We have all heard of the infamous morning sickness that occurs in about 70 to 80 percent of all pregnancies. In most cases, morning sickness starts around week six of pregnancy and lasts until the beginning to middle of the second trimester.
However, there are some cases where a person's nausea and vomiting are more severe and can last throughout the entire pregnancy. This is called Hyperemesis Gravidarum (HG). HG is reported in 0.3 to 10.8 percent of birthing parents, but there is a question as to whether these percentages accurately show how many people are experiencing HG.
The good news is that HG generally does not impact the fetus and its growth; but having HG can affect the parent's mental health and lead to higher rates of depression and anxiety. Although there are no clear causes of HG, some studies are beginning to link things like Helicobacter Pylori, hormones, the thyroid, and hCG back to HG. When care providers have clients with HG, they keep an eye on dehydration, electrolyte imbalances, and excessive weight loss or little to no weight gain.
So, What Can You Do for HG?
In many cases, parents struggling with HG are simply trying to survive. Eat or drink whenever possible, and try to fit proteins and fats into your snacks and meals.
Sometimes eating your cravings is the best way to get food in! Eating what you crave and sneaking in something with more nutrients can help trick your body into accepting and absorbing the food.
Other times a pregnant person with HG isn't experiencing cravings. In these scenarios, care providers encourage medicinal eating. This is where you eat food, not because you want it, but because you know your body needs it.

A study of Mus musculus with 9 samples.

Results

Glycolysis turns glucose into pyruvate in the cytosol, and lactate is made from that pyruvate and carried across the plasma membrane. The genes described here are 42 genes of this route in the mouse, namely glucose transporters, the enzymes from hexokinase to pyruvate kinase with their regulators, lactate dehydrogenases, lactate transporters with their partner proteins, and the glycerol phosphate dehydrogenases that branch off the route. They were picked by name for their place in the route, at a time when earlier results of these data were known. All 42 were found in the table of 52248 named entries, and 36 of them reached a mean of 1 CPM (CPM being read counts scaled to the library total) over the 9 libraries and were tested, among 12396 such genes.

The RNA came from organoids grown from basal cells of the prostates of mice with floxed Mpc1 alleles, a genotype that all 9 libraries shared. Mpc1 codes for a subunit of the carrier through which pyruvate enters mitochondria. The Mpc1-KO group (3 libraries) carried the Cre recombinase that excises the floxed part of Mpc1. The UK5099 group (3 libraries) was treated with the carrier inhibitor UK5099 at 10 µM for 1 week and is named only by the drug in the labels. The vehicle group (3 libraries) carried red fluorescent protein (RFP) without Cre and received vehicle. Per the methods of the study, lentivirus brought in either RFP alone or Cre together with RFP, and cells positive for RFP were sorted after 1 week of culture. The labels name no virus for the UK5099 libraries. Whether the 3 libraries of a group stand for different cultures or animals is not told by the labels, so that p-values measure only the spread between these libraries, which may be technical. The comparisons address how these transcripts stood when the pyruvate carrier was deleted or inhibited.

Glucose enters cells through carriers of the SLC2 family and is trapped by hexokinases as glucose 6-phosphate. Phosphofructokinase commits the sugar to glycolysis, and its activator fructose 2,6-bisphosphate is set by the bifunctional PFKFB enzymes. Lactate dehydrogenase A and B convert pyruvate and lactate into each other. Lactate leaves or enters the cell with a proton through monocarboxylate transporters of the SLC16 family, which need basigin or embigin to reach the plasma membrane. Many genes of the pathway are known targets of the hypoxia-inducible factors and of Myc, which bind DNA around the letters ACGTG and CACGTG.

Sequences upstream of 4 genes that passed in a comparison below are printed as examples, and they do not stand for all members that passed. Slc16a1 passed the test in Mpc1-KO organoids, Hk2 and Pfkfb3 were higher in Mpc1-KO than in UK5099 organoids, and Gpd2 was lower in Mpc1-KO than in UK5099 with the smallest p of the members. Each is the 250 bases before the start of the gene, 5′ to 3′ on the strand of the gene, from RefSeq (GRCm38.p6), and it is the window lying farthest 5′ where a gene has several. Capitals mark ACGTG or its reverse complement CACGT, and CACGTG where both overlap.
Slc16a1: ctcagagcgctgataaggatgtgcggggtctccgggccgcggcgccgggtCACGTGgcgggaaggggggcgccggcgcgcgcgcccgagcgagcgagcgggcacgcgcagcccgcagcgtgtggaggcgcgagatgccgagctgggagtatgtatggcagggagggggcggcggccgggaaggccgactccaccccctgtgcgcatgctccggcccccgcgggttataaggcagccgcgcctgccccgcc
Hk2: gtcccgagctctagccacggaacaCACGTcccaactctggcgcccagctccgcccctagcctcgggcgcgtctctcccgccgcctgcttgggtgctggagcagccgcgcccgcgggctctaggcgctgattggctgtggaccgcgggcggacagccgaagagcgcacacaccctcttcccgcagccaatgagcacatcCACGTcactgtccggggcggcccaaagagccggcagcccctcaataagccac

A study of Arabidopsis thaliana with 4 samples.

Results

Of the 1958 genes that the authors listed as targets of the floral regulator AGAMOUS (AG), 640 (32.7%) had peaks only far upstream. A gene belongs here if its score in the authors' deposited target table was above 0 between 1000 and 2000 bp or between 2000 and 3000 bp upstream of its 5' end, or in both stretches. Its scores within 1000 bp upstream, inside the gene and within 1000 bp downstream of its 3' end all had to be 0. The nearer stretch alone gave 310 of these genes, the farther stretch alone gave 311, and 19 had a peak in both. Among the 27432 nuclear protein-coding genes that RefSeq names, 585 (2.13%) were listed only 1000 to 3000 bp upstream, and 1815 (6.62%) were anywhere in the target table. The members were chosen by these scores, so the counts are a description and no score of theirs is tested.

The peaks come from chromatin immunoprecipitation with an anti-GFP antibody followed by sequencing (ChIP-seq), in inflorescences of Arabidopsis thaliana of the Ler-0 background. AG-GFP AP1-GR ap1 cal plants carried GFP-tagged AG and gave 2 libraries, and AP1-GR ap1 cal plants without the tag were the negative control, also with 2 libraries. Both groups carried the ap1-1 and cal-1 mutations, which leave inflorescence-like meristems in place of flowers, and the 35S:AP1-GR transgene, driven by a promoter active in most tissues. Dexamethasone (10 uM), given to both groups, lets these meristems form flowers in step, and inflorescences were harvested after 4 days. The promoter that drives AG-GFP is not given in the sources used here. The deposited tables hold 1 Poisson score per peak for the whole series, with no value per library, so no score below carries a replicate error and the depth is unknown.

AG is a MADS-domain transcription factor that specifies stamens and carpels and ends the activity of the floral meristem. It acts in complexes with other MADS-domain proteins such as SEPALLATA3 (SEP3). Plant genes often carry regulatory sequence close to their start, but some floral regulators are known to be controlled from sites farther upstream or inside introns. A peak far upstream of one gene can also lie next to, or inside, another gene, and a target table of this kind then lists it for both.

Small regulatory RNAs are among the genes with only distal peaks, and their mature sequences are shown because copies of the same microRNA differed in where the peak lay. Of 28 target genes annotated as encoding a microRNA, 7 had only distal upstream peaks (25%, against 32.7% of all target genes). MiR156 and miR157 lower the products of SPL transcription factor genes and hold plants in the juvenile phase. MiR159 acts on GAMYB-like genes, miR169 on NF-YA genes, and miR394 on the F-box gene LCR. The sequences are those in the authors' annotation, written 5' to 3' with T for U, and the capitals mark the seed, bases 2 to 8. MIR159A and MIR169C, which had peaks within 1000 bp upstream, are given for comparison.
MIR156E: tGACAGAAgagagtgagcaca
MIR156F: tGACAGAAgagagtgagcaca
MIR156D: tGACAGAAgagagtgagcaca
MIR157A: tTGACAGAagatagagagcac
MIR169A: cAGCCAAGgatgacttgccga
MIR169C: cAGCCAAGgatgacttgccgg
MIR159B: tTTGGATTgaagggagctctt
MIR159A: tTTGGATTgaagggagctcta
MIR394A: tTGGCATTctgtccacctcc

When it comes to the treatment of HG, some anti-sickness drugs are safe for pregnancy, and many pregnant people have found success in both long- and short-term usage. Vitamin B6, Vitamin B12, and Thiamine are also recommended and have been shown to help with nausea and vomiting. Other therapeutic and holistic options, like hypnosis, peppermint, acupuncture, and ginger, can also help with nausea and vomiting.
If all else fails, there are more aggressive ways to help with HG. One thing that seems to help with HG across the board is IV therapy. IV fluids can help replenish lost intravascular volume, rehydrate, and replace electrolytes. In addition, there are more intense therapies for treating HG, such as Total Parenteral Nutrition, or TPN. This nutrient source bypasses the gastrointestinal tract and can help with the lack of absorption of nutrients. Another therapy would be Nasogastric Enteral Feeding, a type of feeding tube that has positively impacted people experiencing HG. Lastly, there is evidence that steroids can eliminate vomiting, help clients resume eating, reverse muscle wasting, and regain weight loss. However, this method should be used as a last resort when all other methods have been attempted, as it has more risks than other treatments.
Each of these recommendations for treating HG should be discussed with your care provider, who will work with you to make the best possible choice for how to move forward in your pregnancy.
In the cases where none of these suggestions are accessible or helpful, it is important to remember that, in most cases, pregnant bodies can provide for the babies they carry. Sometimes pregnancy sucks, and it is okay and normal to feel that way. It is okay if all you did today was survive. You are a great parent. Keep doing the best that you can!